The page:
Comments

1
Funny this happened. I had called half of city council the other day to ask them to do all in their power to stop the oil cars from coming through the city. I encourage everyone to do so as well!!
2
The same idiots who claim that oil and coal transport by rail is "perfectly safe" are the same ilk associated with Burlington Northern Sante Fe and Union Pacific Railroads, SSA Marine, Peabody Coal, Goldman Sachs and Koch Industries who stubbornly refuse to provide safety regulation information, claiming that the rest of us--who most likely stand to lose our homes, backyards, families, possessions, lives and livelihoods with these dirty, noisy multi-car monstrosities roaring through at all hours of the day and night are threatened 24/7---don't "need to know".

Time to get corporate interests out of our government and launch a mass exodus of Earth desecrating industrial profiteers.
3
Meh, I still need something to fuel the truck that hauls around the tools that allow me to make a living (and you folks need somebody to build/maintain your housing). I think that this is a bunch of politically motivated fear mongering.
4
well shit, we better move Boeing field since, you know, planes fly right over downtown..and, you know, planes crash and stuffs
5
I think the takeaway from this incident is that this train was carrying the oil in one of the upgraded tanker cars, or this could have turned out very differently.

It's safe to say that all reasonable people agree that the government needs to step in and require that the railroads take all of the older tankers out of service. If that is inconvenient for the railroads or oil companies, that is unfortunate, but it shouldn't affect that requirement.
6
@2, the point isn't that it's perfectly safe, it's that it's safer than road tankers, which frankly scare the shit out of me, or pipelines, which tend to have fewer incidents but much worse ones. There's no such concept as eliminating risk, only minimizing it as much as is feasible.

Listen to your Auntie Catalina. We need to improve regulation -- and not just these 1232 cars but some of the even safer ones that are under discussion -- and get older ones out of service. We also need to invest in infrastructure, dammit!

@5, it's also a relief that these cars were going 5 MPH instead of 63 MPH like the unattended runaway in Lac-MĂ©gantic.
7
This is why we need pipelines.
8
"It's safe to say that all reasonable people agree that the government needs to step in and require that the railroads take all of the older tankers out of service. "

And that's exactly what the Obama admin announced today. Still won't satisfy the Green Police.
9
Why don't these coal trains, destined for points north, take the Empire Builder tracks, and travel directly to Everett instead of traipsing in from the South all the way through the most populous part of the state?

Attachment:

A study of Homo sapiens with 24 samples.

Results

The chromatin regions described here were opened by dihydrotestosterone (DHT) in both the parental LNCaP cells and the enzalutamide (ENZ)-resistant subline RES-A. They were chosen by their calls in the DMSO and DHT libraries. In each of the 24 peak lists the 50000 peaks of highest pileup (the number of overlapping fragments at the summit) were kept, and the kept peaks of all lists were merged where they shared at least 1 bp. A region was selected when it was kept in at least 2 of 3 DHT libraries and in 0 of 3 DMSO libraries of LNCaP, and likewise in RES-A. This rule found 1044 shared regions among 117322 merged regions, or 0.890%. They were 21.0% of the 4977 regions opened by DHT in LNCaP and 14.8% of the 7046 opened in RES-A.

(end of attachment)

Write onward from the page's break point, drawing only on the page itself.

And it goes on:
10
Yeah, it's real safe.

Lies, lies and more lies. It's not safe. We know this. Enough lying. We deserve the truth.
11
Well, as I said, all reasonable people...
12
Pipelines leak more, but human injuries and fatalities are a degree less than any mobile transport.
13
@3 Mr. Meh: Yeah, well, when all you hold precious is suddenly irretrievably lost due to the fatal derailment of an oil and / or coal train, whether it's the dangerously obsolete DOT 111 model or otherwise, don't come crying to me. The big corporate perps will be laughing all the way to their Reagan-deregulated Wall Street banks and won't look back at the wreckage they left behind.
If you think BNSF, Big Oil and Big Coal are right, then you're actually supporting the REAL fear mongers. They're bullying those of us fortunate to live here in the Pacific Northwest for our resources.
Think about it.

@5 / @11 Catalina Vel-DuRay: Thank you. Both comments are well said.
14
By the way, Seattle City Council is among many cities and communities throughout Puget Sound dissected by BNSF tracks that are calling for a moratorium on oil and coal transport by rail until safety regulations are properly addressed and fully implemented. The Sierra Club and Forest Ethics are among environmental groups along with many tribal nations filing suit. Many local people like me who have everything to lose are fighting this nightmare of insane corporate greed that is anything but what could be called "safe".
Back in the 1970s a bunch of "experts" once called nuclear power perfectly "safe", too----and then Three Mile Island blew up. 40 years later, we're still cleaning up Hanford. Radioactive debris from the globally disastrous accident from 3/4/2011 at Japan's Fukushima Nuclear Power Plant is still crossing the Pacific Ocean and drifting ashore here on the West Coast.
None of this can possibly be called "Safe"!

Please wait...

Comments are closed.

Commenting on this item is available only to members of the site. You can sign in here or create an account here.


Add a comment
Preview

By posting this comment, you are agreeing to our Terms of Use.